Nearly 14 years ago, Rick DeRennaux noticed a clear disconnect between what students were learning about technology and how technology was actually being used in the workplace. Thinking there was a better way, he set about developing highly engaging curriculum that would motivate and empower students.

To achieve his goal for the curriculum, he turned to CorelDRAW Graphics Suite, which he’d been using for various creative endeavors since version 4. “I started using CorelDRAW in college, so it was a natural choice,” DeRennaux explains. “Back then, I used it to design T-shirts for screen printing, which provided supplementary income while I was in school.”

Developing highly engaging curriculum

Today, Tech Now provides curriculum for approximately 290 students with disabilities who are spread across 21 high schools throughout rural, urban, and suburban Oklahoma. “We want to help these kids learn about how the workplace uses technology, so they can build employable skills or prepare for post-secondary education,” says DeRennaux.

From the start, the goal of Tech-Now has been to provide students with disabilities the opportunity to develop marketable skills and to explore potential educational and employment opportunities.

The Tech-Now curriculum is developed with CorelDRAW Graphics Suite and deployed through video-based computer-aided instruction, which gives teachers the necessary training to teach the students.

The students in the Tech-Now program work together in teams, creating real-life products to sell, such as buttons, bracelets, and color-highlighted black and white photos.

Designing HT Gravity Racers

In addition to learning to work with desktop publishing, graphic design, computer animation, and digital media production tools, the Tech-Now approach helps students acquire specific soft skills, such as teamwork, leadership, conflict resolution, and time management.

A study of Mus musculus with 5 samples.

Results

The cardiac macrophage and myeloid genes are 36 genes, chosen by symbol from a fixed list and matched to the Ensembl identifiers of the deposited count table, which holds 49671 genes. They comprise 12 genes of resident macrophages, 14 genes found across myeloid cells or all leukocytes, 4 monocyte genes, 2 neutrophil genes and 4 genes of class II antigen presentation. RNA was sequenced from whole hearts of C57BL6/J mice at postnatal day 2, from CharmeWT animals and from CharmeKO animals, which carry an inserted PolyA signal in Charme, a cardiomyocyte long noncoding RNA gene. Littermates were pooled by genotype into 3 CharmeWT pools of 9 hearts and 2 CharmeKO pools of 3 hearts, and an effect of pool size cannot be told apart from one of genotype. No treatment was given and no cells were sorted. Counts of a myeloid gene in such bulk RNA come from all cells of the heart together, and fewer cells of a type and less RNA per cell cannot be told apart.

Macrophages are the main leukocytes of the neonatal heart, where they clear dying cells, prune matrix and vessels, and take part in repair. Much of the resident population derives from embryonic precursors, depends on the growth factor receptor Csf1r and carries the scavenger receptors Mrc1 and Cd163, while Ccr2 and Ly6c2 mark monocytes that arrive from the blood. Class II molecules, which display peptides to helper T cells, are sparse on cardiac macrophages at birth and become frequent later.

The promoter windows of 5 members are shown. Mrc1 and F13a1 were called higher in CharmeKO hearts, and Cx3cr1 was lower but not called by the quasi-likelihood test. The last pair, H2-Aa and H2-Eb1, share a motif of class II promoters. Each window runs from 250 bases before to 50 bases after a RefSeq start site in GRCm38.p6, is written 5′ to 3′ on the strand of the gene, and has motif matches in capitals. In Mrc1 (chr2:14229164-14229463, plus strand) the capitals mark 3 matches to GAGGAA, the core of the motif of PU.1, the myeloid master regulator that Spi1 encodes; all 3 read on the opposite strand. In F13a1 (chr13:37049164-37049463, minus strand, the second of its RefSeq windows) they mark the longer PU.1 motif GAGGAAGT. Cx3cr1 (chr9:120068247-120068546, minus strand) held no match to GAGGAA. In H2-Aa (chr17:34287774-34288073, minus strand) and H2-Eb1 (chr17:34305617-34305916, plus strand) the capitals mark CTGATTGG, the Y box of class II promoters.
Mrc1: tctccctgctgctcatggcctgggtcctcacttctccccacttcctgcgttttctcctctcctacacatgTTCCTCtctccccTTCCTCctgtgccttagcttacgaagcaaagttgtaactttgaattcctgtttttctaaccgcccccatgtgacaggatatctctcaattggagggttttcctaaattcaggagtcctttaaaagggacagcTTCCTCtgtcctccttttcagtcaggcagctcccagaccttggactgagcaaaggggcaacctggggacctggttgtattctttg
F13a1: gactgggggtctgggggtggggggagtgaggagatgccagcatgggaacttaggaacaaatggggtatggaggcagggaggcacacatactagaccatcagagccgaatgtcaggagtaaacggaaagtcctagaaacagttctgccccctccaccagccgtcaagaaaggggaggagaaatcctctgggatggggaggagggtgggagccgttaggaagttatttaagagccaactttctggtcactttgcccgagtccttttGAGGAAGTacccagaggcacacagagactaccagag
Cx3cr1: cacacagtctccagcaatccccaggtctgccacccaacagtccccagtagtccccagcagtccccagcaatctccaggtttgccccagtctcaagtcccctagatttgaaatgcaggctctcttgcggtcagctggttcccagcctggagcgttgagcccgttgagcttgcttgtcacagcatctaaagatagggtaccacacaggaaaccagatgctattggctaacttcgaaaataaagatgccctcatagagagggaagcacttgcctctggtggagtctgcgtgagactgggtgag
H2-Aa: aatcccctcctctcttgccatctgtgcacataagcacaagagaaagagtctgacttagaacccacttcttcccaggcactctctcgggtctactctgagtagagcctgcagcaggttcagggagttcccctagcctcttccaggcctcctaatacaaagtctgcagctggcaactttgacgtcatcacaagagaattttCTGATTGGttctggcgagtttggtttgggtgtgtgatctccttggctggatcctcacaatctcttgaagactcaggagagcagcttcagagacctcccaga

“The students learn things like how to form a company and design a logo,” explains DeRennaux. “Since they’re developing a real product, they’re practicing being an actual employee.”

For many of the students enrolled in the Tech-Now program, it’s often the first time they’ve been able to attend a technology class. “Some of these kids have physical disabilities, visual impairment, or intellectual disabilities,” says DeRennaux. “And it’s very rewarding to watch them gain confidence and self-esteem as they learn what can be accomplished with technology.”

Every day, students in the Tech-Now program use CorelDRAW Graphics Suite to work with their curriculum. “Take creating a ™logo,” says DeRennaux. “We’ll use Corel PHOTO-PAINT to teach them about masking but it’s more than just knocking out the logo for their high school mascot.”

“They’re learning fundamental skills that they can apply after they’ve formed companies and start designing their own custom gravity racers,” he continues. “They’ll learn how to use shapes or lines, colors and text.”

Not only are the products developed and produced by Tech-Now students available to their peers for a small donation to the Tech-Now class, but there’s a State Competition each year for student teams and their completed projects to compete for prizes and awards.

Connecting skills to opportunity after high school

DeRennaux believes the success of the Tech-Now program speaks for itself. “Many of our teachers tell me that these students are actually excited to get into class, and that it has become the best part of their day,” he explains.

“And you have to remember that many of these kids don’t get the attention they deserve in traditional classes, so we’re reaching students who haven’t had the opportunity to express themselves through design and teamwork.”

Since the Tech-Now approach engages all the senses, DeRennaux believes its impact will endure. “They can see it, hear it, and touch it,” he says. “So that equates to better learning and lasting memory.”

“We did a survey after our first 10 years,” says DeRennaux. “We tried to locate every former student who’d spent at least one year in the Tech-Now program. And we found that the high-school graduation rate was 96.6 percent compared to 57 percent for students with disabilities at the national level.”